Any HVAC guys on here?

   #1  

rumble phish

 
   #4  

Austin_F


Not sure I believe it. I told him to set mine to turn all the way off. We have short time periods where we have the windows open.
 
   #5  

Wretch

amazingly graceful
The more you bend a piece of metal back and forth, the sooner in fatigues and fails.

The same with cycling electrical and electronic circuits.

Heat, cool, heat, cool physically works the metals.

Just ask Hagrid.
 
   #8  
 
   #9  

fr0st


Not sure I believe it. I told him to set mine to turn all the way off. We have short time periods where we have the windows open.
Dont believe that shit..

If it doesnt need to run make it stop

You'll wear out the bearing and other parts for reason..

Doesnt cost much to start stop a fan if its not a 50 hp motor.
 
   #12  

rumble phish

Yep, first thing I tried :lol: Didn't work. The only way I can get the blower motor to shut off right now is to flip the breaker.

Mind has a "fan on" setting. Turn that off.
There is no "off". Only "Auto", "On", and "Circ". It is currently set to "Auto" and the system is "Off" (no heat, no AC) and the fan is STILL on.

My system has a setting to be always on at very low speed, set by the installer. Not accessible to the homeowner. Supposedly uses less electricity to let it run like that and speed up on demand rather than getting it going from a dead stop.

Not sure I believe it. I told him to set mine to turn all the way off. We have short time periods where we have the windows open.
Yeah, that's the "Circ" setting on mine. Runs the fan at 33% load at various times. I do not have that enabled at this time.

Fan has to be set to auto.
It is set to "Auto". The fan will not shut off even when I pull the thermostat off the wall.

on the back of the thermostat is the 4 digit installer master code. use it to log in under installer settings and adjust as needed, though this shoulnt be necessary. fan settings are attached to time periods in your schedule. you should try that first before you fuck up your dead band etc.
I went in under "ISU" which is system set up options. I also went through the programming options and there are no options to turn the fan on or off. It stays on "Auto" during the program sequence.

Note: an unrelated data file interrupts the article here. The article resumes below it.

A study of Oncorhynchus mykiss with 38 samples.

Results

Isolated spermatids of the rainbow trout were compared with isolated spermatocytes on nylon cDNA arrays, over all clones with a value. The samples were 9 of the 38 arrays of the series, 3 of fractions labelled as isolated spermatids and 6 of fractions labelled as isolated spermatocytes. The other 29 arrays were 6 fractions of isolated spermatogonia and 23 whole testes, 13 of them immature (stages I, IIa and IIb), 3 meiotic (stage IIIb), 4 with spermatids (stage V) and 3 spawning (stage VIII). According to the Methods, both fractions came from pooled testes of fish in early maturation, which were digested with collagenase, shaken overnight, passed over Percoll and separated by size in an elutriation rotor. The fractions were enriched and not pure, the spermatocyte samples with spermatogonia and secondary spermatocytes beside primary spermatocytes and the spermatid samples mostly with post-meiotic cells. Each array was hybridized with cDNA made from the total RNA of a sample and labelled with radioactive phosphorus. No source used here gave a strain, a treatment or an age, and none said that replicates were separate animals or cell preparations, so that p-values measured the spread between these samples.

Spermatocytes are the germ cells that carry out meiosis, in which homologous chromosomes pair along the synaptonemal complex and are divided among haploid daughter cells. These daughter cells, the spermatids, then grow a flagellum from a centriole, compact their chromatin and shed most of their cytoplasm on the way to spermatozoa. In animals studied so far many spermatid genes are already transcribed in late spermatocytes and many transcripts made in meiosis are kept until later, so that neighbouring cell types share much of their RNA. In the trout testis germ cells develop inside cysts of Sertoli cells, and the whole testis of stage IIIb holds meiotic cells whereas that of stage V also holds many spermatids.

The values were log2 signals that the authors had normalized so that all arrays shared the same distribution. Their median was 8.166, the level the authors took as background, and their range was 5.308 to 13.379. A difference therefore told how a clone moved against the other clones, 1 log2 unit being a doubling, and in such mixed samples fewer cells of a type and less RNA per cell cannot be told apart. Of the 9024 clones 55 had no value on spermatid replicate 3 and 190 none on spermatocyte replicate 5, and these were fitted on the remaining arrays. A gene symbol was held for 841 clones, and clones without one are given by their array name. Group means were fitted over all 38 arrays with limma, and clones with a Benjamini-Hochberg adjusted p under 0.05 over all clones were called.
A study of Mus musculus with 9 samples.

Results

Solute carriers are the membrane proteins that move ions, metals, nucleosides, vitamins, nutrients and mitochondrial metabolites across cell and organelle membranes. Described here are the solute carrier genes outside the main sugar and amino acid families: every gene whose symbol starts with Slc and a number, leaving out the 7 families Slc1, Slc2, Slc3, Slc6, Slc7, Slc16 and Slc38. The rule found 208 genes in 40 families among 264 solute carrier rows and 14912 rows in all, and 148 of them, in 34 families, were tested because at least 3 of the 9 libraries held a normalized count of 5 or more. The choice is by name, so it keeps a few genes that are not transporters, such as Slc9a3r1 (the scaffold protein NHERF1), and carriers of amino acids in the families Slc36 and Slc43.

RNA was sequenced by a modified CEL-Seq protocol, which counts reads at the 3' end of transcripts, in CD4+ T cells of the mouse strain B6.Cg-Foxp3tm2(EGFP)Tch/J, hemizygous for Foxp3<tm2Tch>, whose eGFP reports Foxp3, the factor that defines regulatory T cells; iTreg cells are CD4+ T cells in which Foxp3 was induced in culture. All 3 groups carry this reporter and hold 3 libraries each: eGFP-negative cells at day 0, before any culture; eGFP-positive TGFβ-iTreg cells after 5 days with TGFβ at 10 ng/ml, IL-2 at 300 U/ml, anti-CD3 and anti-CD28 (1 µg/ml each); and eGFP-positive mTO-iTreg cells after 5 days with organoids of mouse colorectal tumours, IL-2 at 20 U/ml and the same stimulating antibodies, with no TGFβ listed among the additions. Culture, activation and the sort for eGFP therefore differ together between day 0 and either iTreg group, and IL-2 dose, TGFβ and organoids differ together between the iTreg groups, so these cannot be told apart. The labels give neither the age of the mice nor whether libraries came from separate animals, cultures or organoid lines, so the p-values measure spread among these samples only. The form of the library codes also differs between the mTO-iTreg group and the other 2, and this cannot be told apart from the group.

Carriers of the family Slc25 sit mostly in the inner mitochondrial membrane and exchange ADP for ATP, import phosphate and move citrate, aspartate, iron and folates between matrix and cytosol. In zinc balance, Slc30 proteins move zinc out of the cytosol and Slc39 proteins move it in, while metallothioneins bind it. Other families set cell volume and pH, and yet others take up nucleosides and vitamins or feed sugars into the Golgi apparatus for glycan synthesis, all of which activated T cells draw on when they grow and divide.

A little back story - My system only has 4 wires. W (White), Y (Yellow), G (Green) and R (Red). I snapped a pic of how these wires were set up on the original thermo and copied that set up to the new one (per the instructions). Turned off the mains before fucking with the wires, installed the new thermo and it worked great. AC kicked on right when it should've along with the blower. Except that when it got to temp (78 F) the blower kept on blowing. Thought it would kick off in a few second, maybe a minute but it ran all night. No matter what I did, short of flipping the breaker, it would just run. This morning I went back through everything, double checked the wiring, flipped the breaker on and off and it's still running. At this point I'm thinking it might be a bad relay on the blower motor itself.


Guess it's time to call the HVAC guy :mad2:
 
   #13  

DaCat


If both questions have a positive response, then your last paragraph gave a good hint. Check that the relay does not have closed contacts when the power is off. That will eliminate the faulty relay theory or prove it.

If the relay contacts are open it means it is coming on when the system is energized, ie. control signal to the relay coil to start the fan.

I don't know the system as it is most likely not sold here, but the logic to fault finding will be the same.

Next step to be advised...

PS. No, I'm not a HVAC guy, but I know a little which could be dangerous.
 
   #15  

rumble phish



Guess sometimes you just need to think out loud to see the issue right in front of you. Thanks all for the advice (and chuckles).
 
   #16  

Rusty Nuts

Building things in Paradise, and drinking JD
 
   #21  

sailUSVI

Tripping on the road and buying stuff

Need more info on your unit, heat pump? How old is it? Brand?
 
   #23  

sailUSVI

 
   #28  

rumble phish

Yep, that was the one. It's all fixed now. The old thermostat didn't use the blue (common) wire, so when I wired up the new one there was no
 
   #30  

Z


:razz: Wrongo,, dere,,,,,,,, :turboblew:boy :smashtard:

I ran,,,,,,,,,, a,, commercial REFRIGERATION. biz.. :lol:

Neva laid a hand on,,,,,,,,,,,,, residential a/c.. :mad2:

Cept,,,,,,,, my own,,,, a course,,, :yahoo:
 
   #32  

Not sure I believe it. I told him to set mine to turn all the way off. We have short time periods where we have the windows open.
Well you can be sure the installer is not up to speed. If the fan stays on all of the time it is actually costing you money. How? Do not know where you live but the heat load in the summer on the duct work and equipment in the attic is transferred and put back into your home. Same happens in the winter just the opposite.

The "new" not really that new thing now is for the compressor (ac) to run at low speed on a 2 speed compressor and a "lower" speed on a variable speed compressor to more effectively manage humidity which has a significant impact on how comfortable the body feels at a given temperature. It does work have several friends and a relative who went that route vs the zoning approach I use in my house. Personally for me zoning is much better but much more expensive to install.